The first part of Candyfreak is a sort of confectionary manifesto, a summing-up of the author's deep-seated beliefs about candy, and the role of candy in his admittedly complex psyche. We're given a fast-paced tour through Almond's childhood candy memories and his current sugar-consuming patterns, although the narrative is often derailed by tangential, funny rants about unsatisfactory candies ("Boston Baked Beans: If you are an actual peanut, why are you not covered in chocolate? Why are you covered, instead, in some kind of burnt-tasting brick red shell? Is the idea that you resemble a baked bean supposed to make you more alluring?") and glowing reminisces about candy bars that no longer exist. Almond is unjustifiably fond of the word "freak," which in his usage means "obsession" or "addiction," and which he uses to cloying excess throughout the first half of the book. (Annoyingly, he also verbs the noun, saying, for example, "We may not understand why we freak on a particular food".)
The second part of the book is where the action, such as it is, gets going. Almond embarks on a whirlwind interstate tour of a handful of struggling independent confectioners. His primary goal is to gobble free samples, but he is also out to discover what keeps the little guys going in a market dominated by giant conglomerates like Hershey's and Mars. Traveling to the factories where lesser-known treats like Peanut Chews, Valomilk, and Five Star bars are made, Almond sketches brief portraits of the men and women holding the fort (often, they are the fourth or fifth generation of a family business). It turns out, not too surprisingly, that the motivation is a mix of sugary nostalgia and entrepreneurial pluck. But there's a palpable, fatalistic resignation underlying the candymakers' determined cheer: one of the owners admits that he's been discussing the sale of the business, and another sells out to a conglomerate a few months after Almond's visit. The days of handmade candy bars lovingly turned out by small, family-owned businesses are, sadly, over.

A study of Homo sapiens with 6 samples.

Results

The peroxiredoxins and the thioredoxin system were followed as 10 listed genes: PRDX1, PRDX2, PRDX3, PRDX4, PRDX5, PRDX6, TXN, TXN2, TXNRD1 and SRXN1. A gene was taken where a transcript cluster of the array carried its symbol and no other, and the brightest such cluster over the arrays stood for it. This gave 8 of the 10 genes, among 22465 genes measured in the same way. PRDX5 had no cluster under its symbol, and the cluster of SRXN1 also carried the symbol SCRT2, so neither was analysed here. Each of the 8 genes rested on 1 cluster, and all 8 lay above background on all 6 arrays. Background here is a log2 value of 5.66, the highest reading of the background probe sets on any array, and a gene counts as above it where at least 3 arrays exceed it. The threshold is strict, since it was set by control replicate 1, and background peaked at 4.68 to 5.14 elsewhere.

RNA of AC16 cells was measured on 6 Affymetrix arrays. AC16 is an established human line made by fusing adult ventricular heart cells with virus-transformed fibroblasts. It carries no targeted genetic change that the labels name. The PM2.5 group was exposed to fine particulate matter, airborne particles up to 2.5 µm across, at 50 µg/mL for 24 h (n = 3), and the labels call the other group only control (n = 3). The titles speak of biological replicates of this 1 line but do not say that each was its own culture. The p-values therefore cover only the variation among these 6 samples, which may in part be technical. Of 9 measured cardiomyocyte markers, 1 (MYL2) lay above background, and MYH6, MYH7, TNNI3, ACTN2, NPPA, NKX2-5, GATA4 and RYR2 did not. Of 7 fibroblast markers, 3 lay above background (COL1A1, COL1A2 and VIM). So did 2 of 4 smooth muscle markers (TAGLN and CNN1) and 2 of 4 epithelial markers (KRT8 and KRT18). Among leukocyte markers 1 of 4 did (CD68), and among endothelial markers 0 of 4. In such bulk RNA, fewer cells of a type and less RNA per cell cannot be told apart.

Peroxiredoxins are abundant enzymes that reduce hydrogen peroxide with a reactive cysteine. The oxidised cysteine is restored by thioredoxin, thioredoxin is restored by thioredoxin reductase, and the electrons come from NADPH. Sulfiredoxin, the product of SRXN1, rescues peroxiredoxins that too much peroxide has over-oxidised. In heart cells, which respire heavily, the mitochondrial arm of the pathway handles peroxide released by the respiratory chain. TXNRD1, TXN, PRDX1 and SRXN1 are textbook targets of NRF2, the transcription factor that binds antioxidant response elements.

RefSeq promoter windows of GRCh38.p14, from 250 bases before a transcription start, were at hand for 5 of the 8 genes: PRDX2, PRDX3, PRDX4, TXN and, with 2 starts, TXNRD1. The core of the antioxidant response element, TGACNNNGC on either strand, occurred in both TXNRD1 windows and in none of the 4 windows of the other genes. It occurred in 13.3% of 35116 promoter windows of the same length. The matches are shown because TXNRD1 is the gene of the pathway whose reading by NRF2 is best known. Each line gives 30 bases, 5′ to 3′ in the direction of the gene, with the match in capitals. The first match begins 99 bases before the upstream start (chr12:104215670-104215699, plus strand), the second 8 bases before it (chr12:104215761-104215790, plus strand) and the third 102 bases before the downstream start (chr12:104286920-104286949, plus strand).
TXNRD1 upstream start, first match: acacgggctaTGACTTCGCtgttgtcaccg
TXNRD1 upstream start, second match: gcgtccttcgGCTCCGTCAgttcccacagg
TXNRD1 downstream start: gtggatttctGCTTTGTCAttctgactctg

Almond wanders off into a tangle of digressions, ranging from his hypochrondriacal self-diagnosis of testicular cancer to a post-9/11 musing on the failures of democracy. The book's cover features a quote comparing Steve Almond to Dave Eggers, which is eerily apt: both Eggers and Almond are thirty-something slackers with food names, who blame their problems as adults on insufficient adoration in childhood.
In the end, this book is a bit like a mismatched jumble of things that are good separately. Almond clearly has passion for his subject, and he's often funny, but his manic, elaborately ironic self-deprecation has the distinctly desperate whiff of someone who's trying too hard. Candyfreak is a pleasure to bite into - maybe not perfect, but I enjoyed it. But try it for yourself. Pick up a copy! Another book I need to recommend -- very much on my mind since I purchased a copy off Amazon is "The Losers' Club: Complete Restored Edition," a funny, highly entertaining little novel I can't stop thinking about.